Rowan Creek Week brings 200 students to Horizons Unlimited
SALISBURY – Horizons Unlimited on Tuesday hosted students from two high schools during one of many Rowan Creek Week events going on this week.
“I really love that we provided the opportunity for 200 students to explore and see if their passion is to go into a career dealing with conservation or water awareness,” Director of Horizons Unlimited Amy Pruitt said. “The only way we can provide such opportunities, is to bring students in and have them see and learn from professionals, which in turn may lead them to thinking: ‘Hey, that’s pretty interesting.'”
Students from North Rowan and East Rowan High School learned about topics such as water conservation, water quality, the earth’s cycles, erosion, and the rainforest. They were split into seven different teams to attend 20-minute classroom sessions.
“They even get the chance to see a planetarium show that talks all about plants and animals and how they are all interconnected in the world,” said Kelli Isenhour, education coordinator for Rowan County Soil and Water Conservation District.
In Isenhour’s workshop about erosion, there were sedimentation bottles with three different soil types. During the workshop, students talked about sediment being the No. 1 polluter in North Carolina and the affects of sediment in creeks and waterways, Isenhour said.
North Rowan High School student Abby Menius was among the participants, and said she aspires to become a forensic scientist.
“I enjoyed the sediment demonstration,” Menius said.
Hugh Rice, a 10th-grader, said he thought the presentation was interesting and that it “took me back to the fifth grade.”
“I want to go off to the Navy and become a Navy SEAL, I will be able to take what I’ve learned today and apply it to my future career,” Rice said.
Representatives from the City of Salisbury; Rowan Soil and Water Conservation District; civil engineers with HDR Architecture, based in Charlotte; the Natural Resources Conservation Service (NRCS) and others were at Water Awareness Day, helping lead and teach students at each workshop they rotated between throughout the day.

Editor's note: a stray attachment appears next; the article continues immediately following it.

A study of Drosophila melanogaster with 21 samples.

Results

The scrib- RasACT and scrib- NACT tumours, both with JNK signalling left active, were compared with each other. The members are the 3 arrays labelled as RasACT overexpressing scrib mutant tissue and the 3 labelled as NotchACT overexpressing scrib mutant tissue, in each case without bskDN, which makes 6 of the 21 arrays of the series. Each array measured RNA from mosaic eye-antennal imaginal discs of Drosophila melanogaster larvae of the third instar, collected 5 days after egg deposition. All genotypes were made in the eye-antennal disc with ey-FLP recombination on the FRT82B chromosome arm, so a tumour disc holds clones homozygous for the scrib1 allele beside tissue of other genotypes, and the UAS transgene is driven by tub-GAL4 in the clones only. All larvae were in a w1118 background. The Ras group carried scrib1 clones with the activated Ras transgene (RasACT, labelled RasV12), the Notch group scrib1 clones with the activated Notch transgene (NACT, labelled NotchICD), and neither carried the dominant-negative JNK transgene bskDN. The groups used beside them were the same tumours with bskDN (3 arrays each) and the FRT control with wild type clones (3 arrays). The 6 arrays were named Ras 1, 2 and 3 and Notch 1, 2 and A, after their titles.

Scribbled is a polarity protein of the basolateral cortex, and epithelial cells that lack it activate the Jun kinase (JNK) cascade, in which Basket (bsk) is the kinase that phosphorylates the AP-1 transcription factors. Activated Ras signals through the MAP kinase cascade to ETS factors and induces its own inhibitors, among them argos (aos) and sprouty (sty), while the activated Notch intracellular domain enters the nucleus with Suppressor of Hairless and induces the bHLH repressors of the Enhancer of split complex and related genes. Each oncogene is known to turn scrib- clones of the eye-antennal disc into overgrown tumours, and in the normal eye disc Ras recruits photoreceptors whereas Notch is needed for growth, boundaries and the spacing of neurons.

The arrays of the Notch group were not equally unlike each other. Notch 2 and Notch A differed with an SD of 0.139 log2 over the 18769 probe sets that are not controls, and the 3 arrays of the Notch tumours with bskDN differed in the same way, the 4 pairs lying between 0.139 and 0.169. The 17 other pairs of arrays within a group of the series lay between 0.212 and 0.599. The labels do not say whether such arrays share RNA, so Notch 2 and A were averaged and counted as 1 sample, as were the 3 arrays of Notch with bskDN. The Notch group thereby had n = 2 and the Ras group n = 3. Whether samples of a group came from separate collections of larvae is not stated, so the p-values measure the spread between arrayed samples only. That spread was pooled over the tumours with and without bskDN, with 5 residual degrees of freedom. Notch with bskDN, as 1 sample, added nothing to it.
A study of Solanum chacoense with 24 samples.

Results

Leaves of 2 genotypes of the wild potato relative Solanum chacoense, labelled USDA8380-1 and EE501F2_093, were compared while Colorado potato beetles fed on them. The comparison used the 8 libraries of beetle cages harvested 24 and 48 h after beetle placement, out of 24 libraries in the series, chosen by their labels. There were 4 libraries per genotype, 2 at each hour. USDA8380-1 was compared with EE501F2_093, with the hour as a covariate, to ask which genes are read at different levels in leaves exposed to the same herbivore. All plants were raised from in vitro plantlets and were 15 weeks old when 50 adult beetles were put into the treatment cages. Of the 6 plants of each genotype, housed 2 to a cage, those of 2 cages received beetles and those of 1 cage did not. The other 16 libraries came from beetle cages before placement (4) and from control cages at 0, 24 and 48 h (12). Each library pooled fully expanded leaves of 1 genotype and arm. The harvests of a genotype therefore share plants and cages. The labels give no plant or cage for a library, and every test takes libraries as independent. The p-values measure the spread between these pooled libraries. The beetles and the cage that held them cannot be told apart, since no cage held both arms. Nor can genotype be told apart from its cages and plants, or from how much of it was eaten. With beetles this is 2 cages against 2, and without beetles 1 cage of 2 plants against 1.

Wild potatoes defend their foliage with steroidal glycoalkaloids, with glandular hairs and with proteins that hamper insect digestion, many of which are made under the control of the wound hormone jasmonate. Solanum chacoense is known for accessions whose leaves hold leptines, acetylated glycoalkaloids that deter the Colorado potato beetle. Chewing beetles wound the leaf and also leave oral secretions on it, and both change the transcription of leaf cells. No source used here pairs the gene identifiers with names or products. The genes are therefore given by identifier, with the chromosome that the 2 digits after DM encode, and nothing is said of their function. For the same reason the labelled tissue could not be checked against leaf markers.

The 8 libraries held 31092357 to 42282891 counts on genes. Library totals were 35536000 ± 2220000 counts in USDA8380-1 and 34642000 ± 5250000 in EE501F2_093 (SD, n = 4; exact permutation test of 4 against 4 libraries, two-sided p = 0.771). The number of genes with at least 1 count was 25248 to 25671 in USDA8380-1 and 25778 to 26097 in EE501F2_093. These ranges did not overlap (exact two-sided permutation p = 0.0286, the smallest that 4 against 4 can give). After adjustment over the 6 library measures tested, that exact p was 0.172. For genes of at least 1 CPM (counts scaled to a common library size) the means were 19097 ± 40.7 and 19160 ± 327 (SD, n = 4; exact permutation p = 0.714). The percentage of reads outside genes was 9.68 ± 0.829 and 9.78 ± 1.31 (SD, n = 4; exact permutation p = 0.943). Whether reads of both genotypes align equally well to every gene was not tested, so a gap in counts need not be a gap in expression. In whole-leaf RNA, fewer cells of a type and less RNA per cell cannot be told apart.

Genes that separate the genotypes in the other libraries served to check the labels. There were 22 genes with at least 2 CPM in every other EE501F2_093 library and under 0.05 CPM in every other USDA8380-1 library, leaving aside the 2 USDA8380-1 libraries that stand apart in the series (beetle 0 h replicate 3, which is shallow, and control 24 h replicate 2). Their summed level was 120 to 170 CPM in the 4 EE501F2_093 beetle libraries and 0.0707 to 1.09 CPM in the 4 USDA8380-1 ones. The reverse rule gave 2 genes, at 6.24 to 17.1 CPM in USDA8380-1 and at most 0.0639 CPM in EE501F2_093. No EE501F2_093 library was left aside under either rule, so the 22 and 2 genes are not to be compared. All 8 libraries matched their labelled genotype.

Students in NRCS’ Water Conservation class had the chance to learn tips about how to limit water consumed on a daily basis.
The NRCS team recommended tips on water conservation, including turning the water off when in between brushing your teeth or washing your hands, taking shorter showers and washing your clothes only when you have full load versus a small one.
“Water conservation to me is defined as strategies and management activity to help conserve water for ourselves and future generations,” said Brian Short, of the NRCS.
Patrick Blandford, a civil engineer with HDR, said students implemented many of the concepts they learned in the classroom setting in his demonstration.
“They asked a lot of good questions you could tell there was some interest in what they were learning,” Blanford said.
Salisbury Stormwater Technician Michael Hanna gave words of praise for Water Awareness Day as well.
“I’m excited for what the future holds for Creek Week,” Hanna said. “Seeing the kids excitement and that ‘aha’ moment was the greatest part.”
Remaining events for Rowan Creek Week vary from a tour of Morgan Ridge Railwalk Brewery from 4 p.m. to 5 p.m. today at the brewery on North Lee Street to Family Movie Night Saturday, showcasing “Moana” (PG) from 8 p.m. to 10 p.m. at Salisbury Academy.
The weeklong event is held to celebrate the importance, impact, and influence of the creeks and waterways of Rowan County and the municipalities therein. It aims to raise awareness about how the health of waterways can have a direct impact on communities.